Doing things differently.
That’s what the Liberal campaign was all about.
Now we have to see if Ball and the Liberals actually put that into action.
What the commentariat missed
The Liberal campaign platform wasn’t about the details of what the Liberals would do. It was about how the Liberals would do things.
Not surprisingly, that confused lots of folks used to cheering enthusiastically for a different approach to politics.
One provincial party
When only one party out of three runs a province-wide campaign, don’t expect voter turn-out to be a record.
The Conservatives and New Democrats abandoned their party campaigns two weeks into the official writ period in order to focus on desperately saving as many seats as they could.
That’s basically what the last three provincial elections have looked like in Newfoundland and Labrador.
The next two weeks
Over the next couple of weeks, the Liberals will have to make up a cabinet, hire staff, and do all the other things you do when you win an election.
There’ll be plenty of work to do.
Problem for the Liberals is that they won’t have any honeymoon, at least from the townie media. Questions about finances will start right away after the new finance minister is sworn in. They’ll get worse once he or she delivers a financial statement.
Things won’t get easier.
The next two years
Lorraine Michael is the de facto NDP leader, again.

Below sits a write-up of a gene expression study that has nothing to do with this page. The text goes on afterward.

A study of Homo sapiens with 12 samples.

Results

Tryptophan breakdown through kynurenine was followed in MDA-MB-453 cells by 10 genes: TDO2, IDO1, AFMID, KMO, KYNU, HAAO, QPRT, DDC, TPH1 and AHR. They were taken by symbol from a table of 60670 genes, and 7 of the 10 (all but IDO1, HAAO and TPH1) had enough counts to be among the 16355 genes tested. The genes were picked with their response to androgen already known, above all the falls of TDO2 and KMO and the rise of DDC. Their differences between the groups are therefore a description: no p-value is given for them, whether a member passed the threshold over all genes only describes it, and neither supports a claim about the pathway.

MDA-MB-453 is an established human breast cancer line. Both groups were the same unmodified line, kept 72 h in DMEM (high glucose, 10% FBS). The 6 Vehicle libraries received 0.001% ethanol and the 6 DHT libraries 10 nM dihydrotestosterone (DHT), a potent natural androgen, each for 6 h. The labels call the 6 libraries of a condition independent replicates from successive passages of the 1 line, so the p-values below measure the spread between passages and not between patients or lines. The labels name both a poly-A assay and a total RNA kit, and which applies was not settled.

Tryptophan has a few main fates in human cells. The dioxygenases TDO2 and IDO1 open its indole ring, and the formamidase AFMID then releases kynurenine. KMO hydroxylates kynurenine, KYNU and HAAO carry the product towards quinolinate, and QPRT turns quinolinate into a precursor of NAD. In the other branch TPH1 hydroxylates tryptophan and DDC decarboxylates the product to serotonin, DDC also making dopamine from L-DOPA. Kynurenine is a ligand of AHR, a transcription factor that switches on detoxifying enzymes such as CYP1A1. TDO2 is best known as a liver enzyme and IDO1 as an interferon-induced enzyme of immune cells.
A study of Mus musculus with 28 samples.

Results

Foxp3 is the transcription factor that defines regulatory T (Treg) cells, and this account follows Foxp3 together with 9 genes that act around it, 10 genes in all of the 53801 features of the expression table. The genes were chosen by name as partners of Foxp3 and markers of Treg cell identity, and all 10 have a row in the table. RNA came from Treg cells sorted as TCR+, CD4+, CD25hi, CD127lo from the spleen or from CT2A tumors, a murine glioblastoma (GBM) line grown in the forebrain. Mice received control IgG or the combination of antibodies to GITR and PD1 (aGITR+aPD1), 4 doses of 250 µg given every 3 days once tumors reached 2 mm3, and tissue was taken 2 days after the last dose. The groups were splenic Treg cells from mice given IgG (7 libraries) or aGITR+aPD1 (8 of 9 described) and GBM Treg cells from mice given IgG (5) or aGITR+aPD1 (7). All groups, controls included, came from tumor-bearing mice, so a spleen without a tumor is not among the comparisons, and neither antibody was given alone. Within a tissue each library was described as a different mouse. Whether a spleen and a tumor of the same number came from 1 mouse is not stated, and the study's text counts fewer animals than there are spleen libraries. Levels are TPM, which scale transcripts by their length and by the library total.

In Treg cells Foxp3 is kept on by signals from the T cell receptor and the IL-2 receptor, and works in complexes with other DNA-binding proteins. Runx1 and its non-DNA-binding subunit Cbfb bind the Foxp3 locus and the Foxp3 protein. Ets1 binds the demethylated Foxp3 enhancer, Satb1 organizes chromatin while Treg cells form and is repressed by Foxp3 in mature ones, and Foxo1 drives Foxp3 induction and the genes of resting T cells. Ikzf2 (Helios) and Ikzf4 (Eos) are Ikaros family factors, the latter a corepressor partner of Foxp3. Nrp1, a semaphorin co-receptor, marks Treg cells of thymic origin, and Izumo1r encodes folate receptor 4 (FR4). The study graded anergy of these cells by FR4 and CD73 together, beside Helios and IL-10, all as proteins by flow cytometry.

She won’t be around two years from now.
The NDP will be politically impotent, as they usually are. The shape of the 2019 election will be determined in part on who replaces Lorraine as leader.
How long will Paul last?
The opposition Conservatives will likely unleash Steve Kent as their chief attack dog in the House of Assembly.
But how long will we have to wait until the Conservatives find a new leader to take them into the 2019 election?
Kent can only play second fiddle for so long before he goes after the job he wants within his own party on the way to get the job he craves.
The Conservatives won in 2011 with 32% of eligible vote.
The Liberals won a majority in 2015 with a little over 31% of the eligible vote.
The Conservatives won majorities in 2003 and 2007 with 42% of the eligible vote each time.
The Liberals’ base is on the west coast of the island. Starting in LaPoile, they racked up obscenely big victories. The Conservatives, by contrast, are strongest on the opposite corner of the .island.
While the Conservatives held onto seats in metro St. John’s and re-took Conception Bay South, the Liberals broke into the traditional Tory strongholds in St. John’s proper.
Were the polls wrong?
On the face of it, the answer might be yes.
On closer inspection, it’s hard to know since the polls never purported to forecast the election. None of them polled voters. They all polled those eligible to vote, including the 45% who just didn’t show up at the polls.